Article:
Latino Economics

the associated press file Jose Gallegos, 43, a shop owner that sells Latino CDs, talks about the impact of the Great Recession on his business in Aurora on June 3, 2008.

A poll released Tuesday puts numbers to the difficulty Latino families endured during the pandemic, as 60% of those polled said they had work hours or pay cut or someone in their household had lost their job.

Among the same 1,000 Latino adults surveyed, 56% said they had difficulty paying bills or covering their utilities. Half said they have difficulty paying their mortgage or rent and one-third said they had not been able to pay for enough food.

The poll was conducted Aug. 16 to Aug. 31 by BSP Research for the Colorado Organization for Latina Opportunity and Reproductive Rights, with additional support from the Political Science Department at Metropolitan State University of Denver, the Colorado Democratic Latino Caucus, Voces Unidas de las Montañas and Protégete of Conservation Colorado.

The survey is the same groups' project to regularly research and report on attitudes and policy issues affecting Latinos. A fuller poll will be issued Nov. 4.

“It is almost impossible to overstate the pandemic’s impact on the Latino community in Colorado,” Alex Sánchez, executive director of Voces Unidas de las Montañas, said in a statement. “When it comes to basic economic indicators like having the money to pay bills in order to keep a roof over their heads and put food on the table, the survey provides a sobering glimpse at how hard the economic recession caused by the pandemic has been for the state’s largest ethnic minority.”

Dusti Gurule, executive director of Colorado Organization for Latina Opportunity and Reproductive Rights, noted the “difficult and sometimes dire decisions" people faced during the pandemic.

"Now, they are looking to officials at the state and federal levels to deliver policies to improve the outlook for jobs and the economy as well as to address costs associated with necessities like housing, health care, and internet access,” she said.

The Colorado numbers jibe with those being reported nationally. On Oct. 13, the nonprofit Center on Budget and Policy Priorities reported, "The impacts of the pandemic and the economic fallout have been widespread, but remain particularly prevalent among Black adults, Latino adults, and other people of color. These disproportionate impacts reflect harsh, long-standing inequities — often stemming from structural racism — in education, employment, housing, and health care that the current crisis has exacerbated. Households with children also continue to face especially high hardship rates."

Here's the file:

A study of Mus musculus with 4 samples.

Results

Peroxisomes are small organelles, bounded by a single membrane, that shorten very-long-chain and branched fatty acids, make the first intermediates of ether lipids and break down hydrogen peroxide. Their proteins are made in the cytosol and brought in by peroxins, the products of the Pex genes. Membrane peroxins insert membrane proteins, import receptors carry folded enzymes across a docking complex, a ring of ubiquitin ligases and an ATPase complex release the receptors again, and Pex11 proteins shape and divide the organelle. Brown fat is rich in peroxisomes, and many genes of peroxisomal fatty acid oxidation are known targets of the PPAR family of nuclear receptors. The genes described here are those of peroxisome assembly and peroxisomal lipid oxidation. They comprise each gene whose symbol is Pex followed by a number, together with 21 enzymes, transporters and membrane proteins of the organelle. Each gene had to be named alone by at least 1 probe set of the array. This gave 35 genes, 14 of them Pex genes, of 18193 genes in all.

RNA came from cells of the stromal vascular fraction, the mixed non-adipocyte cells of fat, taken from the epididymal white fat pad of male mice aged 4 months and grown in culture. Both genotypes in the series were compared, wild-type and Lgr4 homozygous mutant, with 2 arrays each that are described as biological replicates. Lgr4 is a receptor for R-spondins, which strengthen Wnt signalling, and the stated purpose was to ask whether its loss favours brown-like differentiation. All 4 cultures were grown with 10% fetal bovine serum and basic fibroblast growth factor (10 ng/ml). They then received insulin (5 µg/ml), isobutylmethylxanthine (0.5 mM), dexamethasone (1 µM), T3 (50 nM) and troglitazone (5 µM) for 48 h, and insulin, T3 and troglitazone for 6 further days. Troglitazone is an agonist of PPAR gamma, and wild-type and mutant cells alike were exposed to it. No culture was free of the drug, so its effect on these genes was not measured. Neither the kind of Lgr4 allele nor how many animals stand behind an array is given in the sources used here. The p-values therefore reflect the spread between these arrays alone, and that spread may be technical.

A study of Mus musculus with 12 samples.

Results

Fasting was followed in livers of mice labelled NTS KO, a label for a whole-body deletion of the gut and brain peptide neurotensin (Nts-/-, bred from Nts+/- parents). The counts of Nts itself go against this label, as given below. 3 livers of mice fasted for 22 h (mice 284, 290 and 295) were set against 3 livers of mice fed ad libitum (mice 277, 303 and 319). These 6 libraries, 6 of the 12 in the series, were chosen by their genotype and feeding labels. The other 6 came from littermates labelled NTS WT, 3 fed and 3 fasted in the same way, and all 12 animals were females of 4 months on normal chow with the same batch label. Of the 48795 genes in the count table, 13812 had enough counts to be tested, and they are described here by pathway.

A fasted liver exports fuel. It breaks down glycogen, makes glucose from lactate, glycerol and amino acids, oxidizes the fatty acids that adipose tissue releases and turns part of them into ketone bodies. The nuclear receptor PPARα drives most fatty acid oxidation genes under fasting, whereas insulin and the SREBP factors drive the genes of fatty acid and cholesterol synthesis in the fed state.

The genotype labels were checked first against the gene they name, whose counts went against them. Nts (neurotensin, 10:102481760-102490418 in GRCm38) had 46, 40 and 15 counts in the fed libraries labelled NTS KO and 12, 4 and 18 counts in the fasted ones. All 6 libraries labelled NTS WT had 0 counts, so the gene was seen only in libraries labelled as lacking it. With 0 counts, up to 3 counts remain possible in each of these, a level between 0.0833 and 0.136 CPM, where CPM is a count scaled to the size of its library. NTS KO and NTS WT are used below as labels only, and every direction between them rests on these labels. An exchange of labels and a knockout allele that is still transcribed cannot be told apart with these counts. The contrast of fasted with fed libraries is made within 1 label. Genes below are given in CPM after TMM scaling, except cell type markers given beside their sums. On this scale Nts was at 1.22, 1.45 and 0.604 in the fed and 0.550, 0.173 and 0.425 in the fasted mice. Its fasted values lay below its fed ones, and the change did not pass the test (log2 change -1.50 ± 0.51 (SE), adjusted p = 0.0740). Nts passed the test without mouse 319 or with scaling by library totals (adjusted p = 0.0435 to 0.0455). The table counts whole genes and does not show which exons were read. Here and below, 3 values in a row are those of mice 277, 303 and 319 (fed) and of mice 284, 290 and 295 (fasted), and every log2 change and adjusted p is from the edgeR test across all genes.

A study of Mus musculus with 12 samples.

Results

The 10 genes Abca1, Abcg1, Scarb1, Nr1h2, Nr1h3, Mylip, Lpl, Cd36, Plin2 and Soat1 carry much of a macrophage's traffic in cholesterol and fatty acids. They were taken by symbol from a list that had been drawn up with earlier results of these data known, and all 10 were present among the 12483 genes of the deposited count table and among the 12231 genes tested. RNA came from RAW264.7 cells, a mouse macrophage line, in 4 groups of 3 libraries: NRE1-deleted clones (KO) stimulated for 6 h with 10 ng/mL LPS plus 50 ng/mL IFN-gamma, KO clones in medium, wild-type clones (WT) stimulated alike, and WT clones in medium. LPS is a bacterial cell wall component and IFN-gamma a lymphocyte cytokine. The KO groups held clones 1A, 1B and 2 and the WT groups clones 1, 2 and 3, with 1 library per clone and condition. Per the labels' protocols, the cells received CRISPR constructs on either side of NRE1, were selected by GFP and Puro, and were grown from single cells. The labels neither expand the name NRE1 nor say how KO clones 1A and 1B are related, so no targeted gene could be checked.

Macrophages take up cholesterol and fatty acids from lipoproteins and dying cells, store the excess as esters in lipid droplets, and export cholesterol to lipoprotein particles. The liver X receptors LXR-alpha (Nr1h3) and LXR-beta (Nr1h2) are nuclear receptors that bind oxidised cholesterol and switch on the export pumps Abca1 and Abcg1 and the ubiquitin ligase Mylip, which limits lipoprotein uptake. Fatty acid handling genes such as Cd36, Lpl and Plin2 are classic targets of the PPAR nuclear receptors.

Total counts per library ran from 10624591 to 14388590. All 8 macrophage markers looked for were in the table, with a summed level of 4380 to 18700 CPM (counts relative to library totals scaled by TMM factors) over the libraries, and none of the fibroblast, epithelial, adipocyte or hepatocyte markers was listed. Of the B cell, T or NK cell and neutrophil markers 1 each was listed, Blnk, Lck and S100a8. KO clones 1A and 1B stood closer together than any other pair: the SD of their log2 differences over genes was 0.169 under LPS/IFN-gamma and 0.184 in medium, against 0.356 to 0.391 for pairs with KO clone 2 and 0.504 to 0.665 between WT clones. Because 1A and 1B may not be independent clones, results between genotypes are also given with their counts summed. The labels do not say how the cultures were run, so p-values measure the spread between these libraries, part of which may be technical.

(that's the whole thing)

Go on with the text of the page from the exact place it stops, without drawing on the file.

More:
The poll released Tuesday indicates Latinos on the Western Slope had higher incidences of food insecurity compared to the rest of the state at 40%, as well as 64% of those west of the Continental Divide who had difficulty paying their rent or mortgage.

In Denver, 64% of Latinos had their work hours reduced, according to pollsters.

Of those surveyed, almost 34% had used all or most of their savings to cover expenses, and 42% had $1,000 or less in savings to cover financial emergencies — 20% had less than $100.

Nineteen percent skipped a monthly car, rent or mortgage payment, and 20% postponed or cut back on health-related expenses. Eleven percent used higher-interest payday or easy-loan companies; that figure was 19% on the Western Slope.

The survey included online and over-the-phone interviews, on landlines and cellphones, with 1,000 Latino adults random selected online and over the in Colorado and has a margin of error of plus or minus 3.1%. 

The poll was led by Dr. Gabriel Sanchez and Dr. Matt Barreto from BSP Research.

Colorado Politics senior political reporter

Joey Bunch is the senior correspondent and deputy managing editor of Colorado Politics. His 32-year career includes the last 16 in Colorado. He was part of the Denver Post team that won the Pulitzer Prize in 2013 and he is a two-time finalist.